Nick Merrill

Adversary personas

Adversary persona cards

Adversary personas is an improvisational role-playing game to help speculate on threats to sociotechnical systems.

Adversary personas focuses on the who of security—what do your adversaries want, and what are they willing to go through to get it?

Download the cards

You can download the cards [pdf].

Get the cards

If you would like a nicely-printed version of the cards (see above), contact Nick:

ffff at berkeley dot edu

Suggested gameplay

Adversary personas is played in a group---preferably a group of people who are working to protect the same thing.

1. What are you protecting?

Before starting the game, work together to list what you are protecting.

Think broadly! Not just sensitive data, but clients and customers themselves, the community you share in your work, the security or stability the work provides you and your loved ones—what else?

List these on a sheet of paper.

Optional: Pass around the Impacts cards. Have everyone look through them for inspiration.

2. Who are your adversaries?

In the previous step, you listed some of the things you want.

Adversaries want things too. They have desires that conflict with yours.

What do your adversaries want? What are they going to do to get it?

Pass around the Motivations deck. When you've got the deck, take the top card, and read it out loud in the first person. For example, "I need money."

Flesh out the character a little more. For example, "I work for our company, and my rent is going up, and I need to find the extra money somewhere, or my kids and I are going to be priced out of town."

Then, say what you are going to do about it. For example, "I need money, and I'm going to skim pennies off of every transaction that comes through our service."

You have just described an adversary. Note down a memorable name for them. For example, "The cash-strapped programmer." This is an adversary persona.

HINT: Make this interactive. Once the person with the card gets into character, the group can ask that person questions as if they're the character. It's a great way to get your adversary in the room. How often do you get to interview your attackers?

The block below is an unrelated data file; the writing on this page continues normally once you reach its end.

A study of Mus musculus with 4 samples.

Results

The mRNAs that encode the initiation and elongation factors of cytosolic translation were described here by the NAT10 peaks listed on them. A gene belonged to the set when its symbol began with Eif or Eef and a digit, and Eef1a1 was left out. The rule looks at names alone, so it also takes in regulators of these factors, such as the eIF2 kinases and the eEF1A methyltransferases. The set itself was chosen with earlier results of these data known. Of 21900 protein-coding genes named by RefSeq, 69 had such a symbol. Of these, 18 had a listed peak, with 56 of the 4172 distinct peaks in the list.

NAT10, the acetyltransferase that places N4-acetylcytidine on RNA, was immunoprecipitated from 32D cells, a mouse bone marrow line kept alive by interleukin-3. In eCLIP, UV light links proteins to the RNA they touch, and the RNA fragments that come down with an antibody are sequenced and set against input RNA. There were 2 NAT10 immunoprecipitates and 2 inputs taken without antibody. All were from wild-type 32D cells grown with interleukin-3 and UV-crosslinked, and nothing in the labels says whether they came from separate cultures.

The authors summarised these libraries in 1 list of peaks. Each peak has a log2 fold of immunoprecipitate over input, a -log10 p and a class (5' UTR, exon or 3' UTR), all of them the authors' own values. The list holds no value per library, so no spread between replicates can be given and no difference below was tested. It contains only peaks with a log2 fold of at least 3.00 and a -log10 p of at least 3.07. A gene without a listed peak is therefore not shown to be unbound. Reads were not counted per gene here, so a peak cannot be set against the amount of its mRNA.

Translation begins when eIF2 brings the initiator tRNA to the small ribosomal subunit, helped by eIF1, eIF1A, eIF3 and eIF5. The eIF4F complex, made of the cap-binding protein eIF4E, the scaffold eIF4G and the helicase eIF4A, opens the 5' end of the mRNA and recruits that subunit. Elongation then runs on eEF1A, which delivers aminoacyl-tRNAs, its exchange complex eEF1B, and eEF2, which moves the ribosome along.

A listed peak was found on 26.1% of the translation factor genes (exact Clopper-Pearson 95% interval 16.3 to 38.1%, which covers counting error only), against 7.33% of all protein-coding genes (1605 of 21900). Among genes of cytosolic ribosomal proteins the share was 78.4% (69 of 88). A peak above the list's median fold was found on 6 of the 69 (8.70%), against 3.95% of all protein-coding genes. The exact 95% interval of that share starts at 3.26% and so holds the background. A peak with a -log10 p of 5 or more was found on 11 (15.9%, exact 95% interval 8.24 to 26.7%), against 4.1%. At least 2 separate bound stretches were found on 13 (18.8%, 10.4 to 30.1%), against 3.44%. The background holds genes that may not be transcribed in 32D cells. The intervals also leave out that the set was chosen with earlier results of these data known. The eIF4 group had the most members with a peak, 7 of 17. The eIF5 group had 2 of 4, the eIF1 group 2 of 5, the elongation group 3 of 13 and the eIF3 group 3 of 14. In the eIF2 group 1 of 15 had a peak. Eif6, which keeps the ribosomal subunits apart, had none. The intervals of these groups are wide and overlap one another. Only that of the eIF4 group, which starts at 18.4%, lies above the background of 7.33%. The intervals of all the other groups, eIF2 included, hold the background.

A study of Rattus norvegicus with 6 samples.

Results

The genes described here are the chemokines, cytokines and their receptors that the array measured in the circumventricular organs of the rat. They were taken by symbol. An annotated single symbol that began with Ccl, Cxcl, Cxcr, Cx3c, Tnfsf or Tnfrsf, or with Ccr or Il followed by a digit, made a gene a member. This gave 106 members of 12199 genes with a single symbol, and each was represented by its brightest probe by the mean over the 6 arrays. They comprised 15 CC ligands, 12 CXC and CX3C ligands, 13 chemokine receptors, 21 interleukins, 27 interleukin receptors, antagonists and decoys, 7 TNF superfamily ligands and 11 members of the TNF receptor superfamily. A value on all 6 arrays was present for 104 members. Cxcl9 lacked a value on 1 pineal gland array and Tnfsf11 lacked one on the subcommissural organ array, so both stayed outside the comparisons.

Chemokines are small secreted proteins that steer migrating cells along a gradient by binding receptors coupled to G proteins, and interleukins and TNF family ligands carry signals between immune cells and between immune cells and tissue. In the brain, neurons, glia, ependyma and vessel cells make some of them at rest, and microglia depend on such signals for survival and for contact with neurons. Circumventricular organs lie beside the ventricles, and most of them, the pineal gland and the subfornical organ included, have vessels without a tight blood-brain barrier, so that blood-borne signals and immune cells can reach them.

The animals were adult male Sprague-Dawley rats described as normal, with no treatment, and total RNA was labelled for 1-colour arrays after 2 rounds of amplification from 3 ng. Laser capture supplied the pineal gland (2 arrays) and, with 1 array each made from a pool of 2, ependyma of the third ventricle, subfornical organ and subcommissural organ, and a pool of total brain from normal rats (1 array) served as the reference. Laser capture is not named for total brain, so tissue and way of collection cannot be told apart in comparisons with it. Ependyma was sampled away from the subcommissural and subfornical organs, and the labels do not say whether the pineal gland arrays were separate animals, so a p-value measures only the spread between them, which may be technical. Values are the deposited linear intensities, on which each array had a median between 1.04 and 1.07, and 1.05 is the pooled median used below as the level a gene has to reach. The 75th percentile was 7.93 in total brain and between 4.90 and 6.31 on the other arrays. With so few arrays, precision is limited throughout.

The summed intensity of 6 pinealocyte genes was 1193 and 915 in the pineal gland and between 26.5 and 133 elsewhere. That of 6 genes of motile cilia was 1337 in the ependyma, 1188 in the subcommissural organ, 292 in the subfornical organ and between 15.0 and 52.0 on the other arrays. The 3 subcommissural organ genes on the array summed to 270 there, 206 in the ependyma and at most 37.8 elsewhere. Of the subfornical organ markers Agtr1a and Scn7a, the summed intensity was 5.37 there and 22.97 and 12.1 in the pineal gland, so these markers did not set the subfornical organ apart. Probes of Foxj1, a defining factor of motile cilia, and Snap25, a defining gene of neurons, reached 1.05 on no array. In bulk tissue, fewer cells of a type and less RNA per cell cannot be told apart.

3. What do adversaries have at their dispoal?

Distribute the Resources cards around the group. Everyone should have a few Resources cards in their hand.

With the cards you're holding, survey the personas you've generated. Use them to highlight or challenge your assumptions.

For example, were you assuming the lone hacker didn't have money, or political power? What if they do?

In some cases, adding an unexpected resource may create a new personas. If they do, note them down and give them a new name

4. Who are you most concerned about?

Pick the top one to three personas you think are most likely for your organization. If you can, act out the attack as if you are that attacker!

For more on this step, stay tuned for the next game, Threat Fictions...

About the cards

These cards are inspired by my experience with theatrical improv, by the UX practice of user personas, and by Denning et al's Security Cards, by Hendry et al's Envisioning Cards, and by Elsden et al's Speculative Enactments.

Visual design of the cards by Noura Howell.

Many thanks to Richmond Wong and Emily Witt for their formative tests.